Make A Thing: Chalkboard Clock

Welcome to the another installment of Make A Thingwhere we make handmade gifts for people. Or ourselves. Who doesn’t need something special in their life? Join in on the DIY fun and avoid the unnecessary consumerism of the world (and I promise you’ll save a few dollars while you’re at it).


I was wary to join the chalkboard obsession. In fact, I have mainly steered clear from the trend because I couldn’t trust myself not to put chalkboard paint on everything I could find. With this project, I ended up jumping in and I think it came out pretty cute. I did however have to buy a gigantic bottle of the chalkboard paint, so… excuse me while I go conspicuously eye other things in my house that need chalkboard paint.

Chalkboard Clock


Level of Difficulty: Easier than the will-power I’m exerting by not eating this entire box of Girl Scout cookies in one sitting

Or you could trash this whole project and paint a pretty flower instead. I wouldn't even blame you.

Or you could trash this whole project and paint a pretty flower instead. I wouldn’t even blame you.


1. Paint the wooden cradle board. I think I honestly put on about 10 coats because I’m neurotic about paint layers, but if you buy a primed board you might be able to do less.

You're welcome for the free advertisement, IKEA.

You’re welcome for the free advertisement, IKEA.

2. Find the center of your board.

Doesn't this picture look like magic? You're damn right it does.

Doesn’t this picture look like magic? You’re damn right it does.

3. Wait for the paint to completely dry. We want to make a hole for the clock movement. You need a hole big enough for the large screw part (technical term, guys) to fit through. You can achieve this by way of nail, power drill, or Dremel. At first we tried the nail.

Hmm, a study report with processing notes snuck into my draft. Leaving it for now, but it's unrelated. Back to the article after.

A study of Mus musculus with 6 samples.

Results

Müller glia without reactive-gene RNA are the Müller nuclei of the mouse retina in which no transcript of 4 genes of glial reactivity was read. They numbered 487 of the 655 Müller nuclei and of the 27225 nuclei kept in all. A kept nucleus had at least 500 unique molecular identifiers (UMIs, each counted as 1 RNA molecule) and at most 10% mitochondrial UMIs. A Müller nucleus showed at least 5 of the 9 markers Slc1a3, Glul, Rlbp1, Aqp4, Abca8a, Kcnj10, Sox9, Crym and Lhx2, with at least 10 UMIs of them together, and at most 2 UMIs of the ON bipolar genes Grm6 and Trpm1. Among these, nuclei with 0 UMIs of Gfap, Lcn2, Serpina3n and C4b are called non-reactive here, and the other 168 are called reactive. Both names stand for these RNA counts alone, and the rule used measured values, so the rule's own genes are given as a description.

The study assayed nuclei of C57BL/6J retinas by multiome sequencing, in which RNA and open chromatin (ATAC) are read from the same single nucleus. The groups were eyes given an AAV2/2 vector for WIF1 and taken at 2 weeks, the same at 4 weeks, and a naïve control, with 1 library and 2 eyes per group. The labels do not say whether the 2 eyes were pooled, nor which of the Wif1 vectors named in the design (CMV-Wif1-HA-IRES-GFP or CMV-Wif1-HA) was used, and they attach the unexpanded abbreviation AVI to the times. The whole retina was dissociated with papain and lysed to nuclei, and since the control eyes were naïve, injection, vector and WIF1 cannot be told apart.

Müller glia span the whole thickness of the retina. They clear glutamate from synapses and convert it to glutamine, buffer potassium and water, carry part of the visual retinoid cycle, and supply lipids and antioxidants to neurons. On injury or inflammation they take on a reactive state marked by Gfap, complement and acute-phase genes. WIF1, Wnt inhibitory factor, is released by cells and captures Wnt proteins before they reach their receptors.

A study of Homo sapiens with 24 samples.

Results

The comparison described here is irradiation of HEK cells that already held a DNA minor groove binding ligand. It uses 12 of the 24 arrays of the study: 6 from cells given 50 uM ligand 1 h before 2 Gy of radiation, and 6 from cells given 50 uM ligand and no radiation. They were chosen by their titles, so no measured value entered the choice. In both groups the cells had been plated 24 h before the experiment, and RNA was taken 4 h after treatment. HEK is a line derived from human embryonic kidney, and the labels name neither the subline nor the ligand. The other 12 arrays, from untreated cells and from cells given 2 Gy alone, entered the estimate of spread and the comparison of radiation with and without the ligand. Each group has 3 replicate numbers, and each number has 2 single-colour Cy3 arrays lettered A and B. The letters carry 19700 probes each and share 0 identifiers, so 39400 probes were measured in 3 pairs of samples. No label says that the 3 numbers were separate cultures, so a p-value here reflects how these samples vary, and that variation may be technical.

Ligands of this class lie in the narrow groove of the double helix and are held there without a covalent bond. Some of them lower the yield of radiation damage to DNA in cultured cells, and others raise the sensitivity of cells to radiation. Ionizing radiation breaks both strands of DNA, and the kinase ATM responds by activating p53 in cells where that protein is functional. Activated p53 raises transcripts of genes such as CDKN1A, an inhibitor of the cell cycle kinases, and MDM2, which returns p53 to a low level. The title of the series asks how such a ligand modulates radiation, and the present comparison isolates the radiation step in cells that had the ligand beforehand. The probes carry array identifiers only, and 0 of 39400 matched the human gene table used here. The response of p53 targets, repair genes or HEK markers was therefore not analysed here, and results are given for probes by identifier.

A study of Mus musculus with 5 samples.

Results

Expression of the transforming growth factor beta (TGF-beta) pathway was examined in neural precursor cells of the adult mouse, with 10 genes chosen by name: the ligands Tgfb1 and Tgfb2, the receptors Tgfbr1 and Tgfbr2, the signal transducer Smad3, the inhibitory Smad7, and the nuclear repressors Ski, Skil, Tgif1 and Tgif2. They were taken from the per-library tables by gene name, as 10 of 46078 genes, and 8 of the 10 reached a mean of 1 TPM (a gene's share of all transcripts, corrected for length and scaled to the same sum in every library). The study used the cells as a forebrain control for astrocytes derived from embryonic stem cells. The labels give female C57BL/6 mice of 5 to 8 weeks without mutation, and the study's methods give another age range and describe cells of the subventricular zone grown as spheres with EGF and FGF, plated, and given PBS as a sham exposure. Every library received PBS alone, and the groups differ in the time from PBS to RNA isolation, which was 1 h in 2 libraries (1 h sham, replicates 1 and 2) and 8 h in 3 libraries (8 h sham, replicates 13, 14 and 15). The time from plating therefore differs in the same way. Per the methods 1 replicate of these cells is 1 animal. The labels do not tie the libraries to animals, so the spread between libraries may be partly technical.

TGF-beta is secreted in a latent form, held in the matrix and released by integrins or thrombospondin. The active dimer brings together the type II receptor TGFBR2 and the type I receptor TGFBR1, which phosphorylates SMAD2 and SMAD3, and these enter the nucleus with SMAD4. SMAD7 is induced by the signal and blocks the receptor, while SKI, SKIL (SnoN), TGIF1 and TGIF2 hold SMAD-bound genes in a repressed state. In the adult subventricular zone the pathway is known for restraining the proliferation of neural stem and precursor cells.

This craft was an elaborate ruse to convince my partner we need a Dremel.

This craft was an elaborate ruse to convince my partner we need a Dremel.

Then I got freaked out that the nail would split my precious board and so we used a Dremel. You could also do this part before painting if you had common sense but meh, what the hell. I craft on the edge.


4. Paint your clock hands whatever color you’d like or leave them gold or do whatever you’d like because it’s your clock okay?

I bought this Crayola chalk for $1 at the grocery store, so at least it's easily accessible.

I bought this Crayola chalk for $1 at the grocery store, so at least it’s easily accessible.

5. Prime your chalkboard. Do this by rubbing your chalk all over the board and then wipe it off with a dry paper towel. It shouldn’t be as shiny as before and will be easier to write on this way.

Yay all doooooonnnnnneeeeeeee

Yay all doooooonnnnnneeeeeeee

6. Put together your clock movement, set the time and voila, you’re done! Now go write something on your clock, and make sure to include Wine Time.


Hansen has written 181 articles for us.

16 Comments

  1. Thumb up 5


    Ok, I would never actually do that, but I would think about it. Alot.
    And I want one of these now just because it’s adorable.
    Quick Robin, to Home Depot! Nanananananana


    One day I will get you an actual ruler/straight edge all-in-one-object. Until then, I commend you for repping Homo Depot and IKEA in your crafts. As a challenge, if you manage to incorporate Subaru or Earth Balance as a means of measurement, you can have 400 points.

    Kristen


    Its going to be AWESOME


    Too passive/aggressive?


    Just a tip for drilling holes into wood. If you’re afraid that your nail or screw will crack your wood, drill a pilot hole first. A pilot hole is basically a tiny hole that “leads the way” for your bigger nail/screw. I have no experience making cool clocks, but I do build robots so hopefully this tip is relavant! The rule of thumb pilot hole diameter is a 1/8 inch drill bit.